Bots found more human than human in simulated death match

In simulated 3D combat with humans, big surprise as bot winners convince the judges they're a lot more than fancy algorithms.

Botprize 2012 trophy 2K Games

Another sign that the future is merging with our present: the winners in the annual BotPrize competition are a couple of bots whose behavior was indistinguishable from that of human players in a simulated 3D death match.

In the game, bots and humans attempt to wipe out the other over several rounds of combat and the judges of the competition guess which opponents were human. This year marked the first time that the bots displayed a "humanness rating" of over 50 percent. The rating reflects the number of times that each bot was judged by humans to actually be human.

In previous competitions, the highest rating racked up by a bot was 34.2 percent. This year's bot winners had a humanness rating of 52 percent, compared to the average humanness rating of the human players of 40 percent.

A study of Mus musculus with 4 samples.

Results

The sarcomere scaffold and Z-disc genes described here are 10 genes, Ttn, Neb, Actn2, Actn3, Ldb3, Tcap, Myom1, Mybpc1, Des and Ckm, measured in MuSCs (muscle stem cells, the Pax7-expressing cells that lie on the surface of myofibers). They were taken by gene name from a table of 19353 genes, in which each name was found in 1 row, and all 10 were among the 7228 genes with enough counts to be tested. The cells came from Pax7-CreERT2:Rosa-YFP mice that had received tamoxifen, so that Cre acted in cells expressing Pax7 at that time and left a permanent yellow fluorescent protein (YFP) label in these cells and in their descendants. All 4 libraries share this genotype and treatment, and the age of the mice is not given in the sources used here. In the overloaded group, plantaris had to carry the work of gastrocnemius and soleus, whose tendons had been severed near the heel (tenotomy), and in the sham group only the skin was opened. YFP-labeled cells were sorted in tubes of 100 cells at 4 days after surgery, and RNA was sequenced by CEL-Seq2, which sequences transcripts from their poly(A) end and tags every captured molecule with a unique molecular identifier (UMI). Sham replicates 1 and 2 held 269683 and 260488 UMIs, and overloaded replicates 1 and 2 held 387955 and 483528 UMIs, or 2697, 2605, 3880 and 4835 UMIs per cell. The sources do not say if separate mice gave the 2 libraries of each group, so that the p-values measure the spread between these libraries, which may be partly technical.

To win the prize, a bot has to be indistinguishable from a human player. (You can find the results page here.

The winning bots were created by a team from the University of Texas at Austin and Mihai Polceanu, a doctoral student from Romania. They will share the $7,000 prize money put up by 2K Games. The competition, which has been held since 2008, was was created and is organized by Associate Professor Philip Hingston of Edith Cowan University, in Perth, Western Australia.

About the author

Charles Cooper is an executive editor at CNET News. He has covered technology and business for more than 25 years, working at CBSNews.com, the Associated Press, Computer & Software News, Computer Shopper, PC Week, and ZDNet. E-mail Charlie.